The White House on Tuesday defended President BidenJoe BidenOvernight Defense & National Security — Milley becomes lightning rod Democrats hope Biden can flip Manchin and Sinema On The Money — Presented by Wells Fargo — Democrats advance tax plan through hurdles MORE's past rhetoric declaring the country had gained the upper hand over the coronavirus and touting vaccinated Americans no longer needed masks on the same day the Centers for Disease Control and Prevention (CDC) rolled out updated guidance that again recommends that those who have gotten the shot wear face coverings in certain settings.
Press secretary Jen PsakiJen PsakiOvernight Defense & National Security — Milley becomes lightning rod Democrats hope Biden can flip Manchin and Sinema Joint Chiefs Chairman Milley becomes lightning rod on right MORE faced a barrage of questions about Biden's past comments in which he expressed optimism the U.S. was in a strong position against the virus. She did not say the president regretted his rhetoric in hindsight but instead noted the delta variant has drastically changed the country's outlook as it battles an evolving threat.
"The role of the federal government and our public health officials is to continue to look at evolving data, evolving threats of a historic virus, provide that public health guidance to the American people to protect more people and save more lives. That's what they're doing," Psaki said.
Biden celebrated in May after the CDC announced vaccinated Americans could go without masks in public settings. The White House put out a video at the time of Biden saying that "it's vaxxed or masked," setting it up a binary choice between getting the shot or wearing a face covering.
On the Fourth of July, Biden took something of a victory lap, holding a large outdoor gathering at the White House and boasting the nation was "closer than ever to declaring our independence from a deadly virus."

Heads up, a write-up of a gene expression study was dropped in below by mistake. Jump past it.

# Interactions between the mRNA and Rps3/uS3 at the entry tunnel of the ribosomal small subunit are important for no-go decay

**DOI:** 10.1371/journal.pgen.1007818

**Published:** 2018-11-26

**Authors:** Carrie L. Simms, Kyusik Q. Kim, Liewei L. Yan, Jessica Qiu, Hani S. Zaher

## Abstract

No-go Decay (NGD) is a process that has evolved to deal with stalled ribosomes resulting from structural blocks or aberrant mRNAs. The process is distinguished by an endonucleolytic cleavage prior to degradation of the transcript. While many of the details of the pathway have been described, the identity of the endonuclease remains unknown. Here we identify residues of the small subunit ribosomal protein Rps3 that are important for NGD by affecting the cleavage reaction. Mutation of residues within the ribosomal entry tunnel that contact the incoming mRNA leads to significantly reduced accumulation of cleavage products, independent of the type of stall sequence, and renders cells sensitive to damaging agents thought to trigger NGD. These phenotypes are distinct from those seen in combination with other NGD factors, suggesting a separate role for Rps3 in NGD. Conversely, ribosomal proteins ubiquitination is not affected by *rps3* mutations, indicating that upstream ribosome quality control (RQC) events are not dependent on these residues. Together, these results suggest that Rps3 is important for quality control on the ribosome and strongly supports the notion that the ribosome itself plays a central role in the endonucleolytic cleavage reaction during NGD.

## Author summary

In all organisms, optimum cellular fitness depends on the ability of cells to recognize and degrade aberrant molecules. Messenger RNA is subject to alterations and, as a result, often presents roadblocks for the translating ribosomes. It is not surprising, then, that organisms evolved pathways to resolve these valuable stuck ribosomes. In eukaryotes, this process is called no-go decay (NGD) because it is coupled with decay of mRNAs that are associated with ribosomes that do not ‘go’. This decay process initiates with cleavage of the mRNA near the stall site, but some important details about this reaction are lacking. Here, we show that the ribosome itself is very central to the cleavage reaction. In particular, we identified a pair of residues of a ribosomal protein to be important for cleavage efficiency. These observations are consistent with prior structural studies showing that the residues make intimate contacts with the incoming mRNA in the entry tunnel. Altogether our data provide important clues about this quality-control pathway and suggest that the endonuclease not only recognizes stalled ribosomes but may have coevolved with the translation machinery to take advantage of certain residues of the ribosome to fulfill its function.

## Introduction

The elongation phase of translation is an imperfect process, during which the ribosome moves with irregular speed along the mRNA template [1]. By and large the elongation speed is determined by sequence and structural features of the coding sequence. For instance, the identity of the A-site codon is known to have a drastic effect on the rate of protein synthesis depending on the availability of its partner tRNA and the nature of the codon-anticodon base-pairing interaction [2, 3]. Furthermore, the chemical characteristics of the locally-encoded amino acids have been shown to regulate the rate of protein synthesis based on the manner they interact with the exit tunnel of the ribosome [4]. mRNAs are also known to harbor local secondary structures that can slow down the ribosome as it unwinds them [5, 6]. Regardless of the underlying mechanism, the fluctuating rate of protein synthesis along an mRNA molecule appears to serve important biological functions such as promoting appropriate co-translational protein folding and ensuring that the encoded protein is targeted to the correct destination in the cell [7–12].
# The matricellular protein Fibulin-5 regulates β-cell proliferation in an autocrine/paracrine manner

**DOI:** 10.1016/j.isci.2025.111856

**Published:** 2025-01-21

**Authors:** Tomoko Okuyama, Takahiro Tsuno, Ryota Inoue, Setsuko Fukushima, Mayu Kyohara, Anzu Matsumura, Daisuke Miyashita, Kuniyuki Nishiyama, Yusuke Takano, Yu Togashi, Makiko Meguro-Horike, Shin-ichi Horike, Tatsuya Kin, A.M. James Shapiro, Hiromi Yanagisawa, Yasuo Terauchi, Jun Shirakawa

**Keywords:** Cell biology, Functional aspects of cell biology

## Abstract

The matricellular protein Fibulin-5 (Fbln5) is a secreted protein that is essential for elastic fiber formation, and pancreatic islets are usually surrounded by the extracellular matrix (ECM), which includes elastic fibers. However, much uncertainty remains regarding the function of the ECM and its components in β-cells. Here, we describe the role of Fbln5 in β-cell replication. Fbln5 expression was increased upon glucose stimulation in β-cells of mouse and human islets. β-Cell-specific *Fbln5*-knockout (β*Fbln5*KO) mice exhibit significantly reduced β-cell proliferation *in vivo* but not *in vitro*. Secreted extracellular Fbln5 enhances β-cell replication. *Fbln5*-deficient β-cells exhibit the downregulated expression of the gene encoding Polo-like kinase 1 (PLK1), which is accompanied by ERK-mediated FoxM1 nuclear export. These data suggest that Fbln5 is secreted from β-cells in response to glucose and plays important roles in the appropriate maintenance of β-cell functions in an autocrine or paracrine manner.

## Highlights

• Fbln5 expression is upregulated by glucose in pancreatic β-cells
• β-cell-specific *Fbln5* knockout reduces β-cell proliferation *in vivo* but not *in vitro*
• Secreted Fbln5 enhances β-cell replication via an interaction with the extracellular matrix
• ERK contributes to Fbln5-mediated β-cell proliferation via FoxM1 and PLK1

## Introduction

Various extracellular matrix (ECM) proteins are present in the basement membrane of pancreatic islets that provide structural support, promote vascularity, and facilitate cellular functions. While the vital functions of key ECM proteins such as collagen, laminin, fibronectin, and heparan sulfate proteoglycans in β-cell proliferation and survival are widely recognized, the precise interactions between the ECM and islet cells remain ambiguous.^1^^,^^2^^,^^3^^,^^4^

Psaki argued the administration's message has been consistent that unvaccinated Americans have always been encouraged to wear masks and that getting a shot is the best way to prevent serious illness or death. Screens in Tuesday's briefing displayed data from four states that showed more than 90 percent of hospitalizations related to the virus were in unvaccinated individuals.
The press secretary also cited the rapid spread of the delta variant as a major shift in the nation's battle against the pandemic in the weeks since Biden used the Fourth of July holiday to declare independence from the virus.
"Those comments were back in May, and as I noted at the time, the delta variant was by no means the variant that it is today," Psaki said when asked about Biden's "vaxxed or masked" comments. "Ninety-nine percent of cases were not delta at the time. That was based on guidance from the CDC. Today, they’re changing their guidance. They’re changing their advice to the American public, their public health advice, based on evolving data. ... That’s exactly what they should be doing."
She also highlighted comments in Biden's speech in July in which he acknowledged the fight against the pandemic was not over, calling on Americans to get vaccinated because the virus "has not been vanquished."
Still, Biden's past comments paired with the updated CDC guidance reflect the difficulty the White House may have convincing some Americans to resume wearing masks in certain indoor settings after months of telling them they were safe to go without face coverings.
Some health experts have expressed concerns that the updated guidance from the CDC may also disincentivize getting vaccinated for some who are reluctant to get the shot if those individuals feel they will still have to wear a mask.
The CDC was criticized in May because it advised vaccinated Americans could go without a mask only two weeks after it said it was safe to do so when outdoors only, with some experts arguing the update was too swift. Now, the agency may face additional criticism for reversing course once again.
The White House has downplayed those concerns. Biden has full confidence in CDC Director Rochelle WalenskyRochelle WalenskyOvernight Health Care — Biden defends push for vaccine mandates CDC: Unvaccinated 11 times more likely to die from COVID-19 AmeriCorps partnering with CDC to recruit, train public health leaders MORE, Psaki said Tuesday, and she was adamant that the agency was doing its job to respond to an evolving situation.
"Our goal is to save their lives," Psaki said when asked about some who may feel whiplash from the changing guidance. "And our responsibility, and the responsibility of public health officials, is to continue to provide updated guidance, if it warrants, from an evolving virus."